NYT > Theater
Lynn Nottage’s barbed satire looks at the narrow options offered African-American actresses in a movie industry that can’t shake stereotypes.
This revival of Stephen Sondheim’s musical, about a Broadway composer who sells out to Hollywood, is not so much stripped-down as emaciated.
Ms. Ferreira, who kept singing well into her 90s, brought Broadway musicals to Brazil and made the music of Édith Piaf and Frank Sinatra her own.
A celebration of the “My Fair Lady” lyricist and librettist offers audiences a chance to reconsider one of his biggest flops.
Borders, formerly president of the WNBA, is leaving Time’s Up for family reasons after four months in the position.
Revivals of work by Pinter and Miller — and a play about an Englishman roped into an Italian horror movie — ponder mortal anxiety in the age of Brexit.
Leegrid Stevens’s play follows an astronaut on her journey to Mars, as she checks her air pressure, fuel levels and mental health.
There are plenty of earworms in this jukebox musical about Peter Noone of Herman’s Hermits, but the hackneyed love-triangle story lowers the volume.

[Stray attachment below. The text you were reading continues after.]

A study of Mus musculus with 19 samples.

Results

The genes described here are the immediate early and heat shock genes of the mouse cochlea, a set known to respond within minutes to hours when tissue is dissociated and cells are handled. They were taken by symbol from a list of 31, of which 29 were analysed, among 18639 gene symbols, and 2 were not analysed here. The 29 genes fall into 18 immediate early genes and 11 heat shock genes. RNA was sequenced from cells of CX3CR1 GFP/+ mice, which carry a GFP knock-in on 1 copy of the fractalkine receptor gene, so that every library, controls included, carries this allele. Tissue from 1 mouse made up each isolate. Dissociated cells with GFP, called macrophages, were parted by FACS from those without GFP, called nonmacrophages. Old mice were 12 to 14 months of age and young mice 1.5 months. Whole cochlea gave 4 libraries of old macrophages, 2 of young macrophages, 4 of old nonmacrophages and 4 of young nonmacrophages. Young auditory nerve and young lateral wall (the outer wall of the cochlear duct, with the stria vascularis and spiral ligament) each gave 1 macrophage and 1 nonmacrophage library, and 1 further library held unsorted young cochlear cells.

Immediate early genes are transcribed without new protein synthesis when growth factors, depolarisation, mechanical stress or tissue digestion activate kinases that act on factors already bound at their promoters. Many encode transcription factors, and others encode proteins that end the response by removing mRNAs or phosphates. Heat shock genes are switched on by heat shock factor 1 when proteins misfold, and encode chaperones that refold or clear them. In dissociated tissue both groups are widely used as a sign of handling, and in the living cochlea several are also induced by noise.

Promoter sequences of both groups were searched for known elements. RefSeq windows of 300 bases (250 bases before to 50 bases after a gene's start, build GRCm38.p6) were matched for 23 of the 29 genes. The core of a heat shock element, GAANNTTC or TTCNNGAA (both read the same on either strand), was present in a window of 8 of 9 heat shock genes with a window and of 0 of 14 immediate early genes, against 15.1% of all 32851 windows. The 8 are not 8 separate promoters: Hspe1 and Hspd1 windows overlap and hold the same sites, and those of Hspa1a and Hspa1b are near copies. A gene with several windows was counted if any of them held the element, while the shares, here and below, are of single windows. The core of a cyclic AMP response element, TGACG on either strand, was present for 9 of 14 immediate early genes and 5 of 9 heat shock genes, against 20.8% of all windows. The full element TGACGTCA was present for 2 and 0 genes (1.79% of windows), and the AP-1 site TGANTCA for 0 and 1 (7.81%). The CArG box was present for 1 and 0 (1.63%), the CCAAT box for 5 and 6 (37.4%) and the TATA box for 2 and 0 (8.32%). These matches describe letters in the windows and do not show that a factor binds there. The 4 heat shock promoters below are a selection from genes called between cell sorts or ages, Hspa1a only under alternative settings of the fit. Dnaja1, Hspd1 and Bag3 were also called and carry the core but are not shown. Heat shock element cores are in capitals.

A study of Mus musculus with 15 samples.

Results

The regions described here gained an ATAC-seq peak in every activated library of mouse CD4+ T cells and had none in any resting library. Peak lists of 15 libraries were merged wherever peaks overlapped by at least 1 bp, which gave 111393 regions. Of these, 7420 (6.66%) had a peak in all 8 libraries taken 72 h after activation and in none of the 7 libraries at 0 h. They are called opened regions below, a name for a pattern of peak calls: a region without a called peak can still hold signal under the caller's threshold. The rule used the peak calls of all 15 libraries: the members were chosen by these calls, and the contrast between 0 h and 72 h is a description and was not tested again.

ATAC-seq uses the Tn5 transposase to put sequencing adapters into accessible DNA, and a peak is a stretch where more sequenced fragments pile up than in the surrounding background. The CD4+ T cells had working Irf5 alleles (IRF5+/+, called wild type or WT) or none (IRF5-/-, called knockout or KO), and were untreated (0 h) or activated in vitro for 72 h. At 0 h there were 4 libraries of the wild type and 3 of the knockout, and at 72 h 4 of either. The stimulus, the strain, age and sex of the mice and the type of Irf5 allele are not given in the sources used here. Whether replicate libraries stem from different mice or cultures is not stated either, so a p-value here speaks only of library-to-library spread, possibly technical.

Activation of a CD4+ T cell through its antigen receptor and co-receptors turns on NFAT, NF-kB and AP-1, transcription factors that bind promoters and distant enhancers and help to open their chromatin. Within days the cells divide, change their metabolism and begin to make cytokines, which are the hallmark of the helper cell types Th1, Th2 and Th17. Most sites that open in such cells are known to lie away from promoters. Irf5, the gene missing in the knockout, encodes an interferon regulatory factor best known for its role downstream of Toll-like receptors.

There’s more to the show than banging on a can. Ask George Lucas, Hillary Clinton — and the performer who’s been doing it for 20 years.
Arts writers for The New York Times share their strategies (snacks) and budget-friendly options (outdoor events) in a discussion about introducing children to the arts.
Classical concerts, children’s film series and a festival where technology meets art are among the events that can keep young minds occupied (and having fun) through a school sabbatical and beyond.
“When Angels Fall,” at Peak Performances, and “Non Solus,” at the Brooklyn Academy of Music, blend circus with dance in feats of perfect equilibrium.
The brash saxophonist performs at the Apollo; Season 2 of “At Home With Amy Sedaris" begins; and the Spanish dancer returns to Manhattan.
In “Sea Wall/A Life,” at the Public Theater, a pair of monologues gives the two stars ample opportunity to shine and mourn.
The estate attributed the change in plans to labor issues and not a forthcoming documentary detailing abuse allegations against the late pop star.
The writer-actress behind the wild, disorienting comedy of “Fleabag” and “Killing Eve” is bringing her sneak-attack humor to New York.
The Moscow Pushkin Drama Theater, on a short visit to Britain, impressed with Brecht’s “The Good Person of Szechwan,” but fell short with Chekhov’s “The Cherry Orchard.”
This London adaptation of the Oscar-winning satire, starring a misused Gillian Anderson and Lily James, is like a horror movie without a pulse.
The choreographer Camille A. Brown deftly uses the tradition of step to add “a heartbeat to the story” of Tarell Alvin McCraney’s musical play, now on Broadway.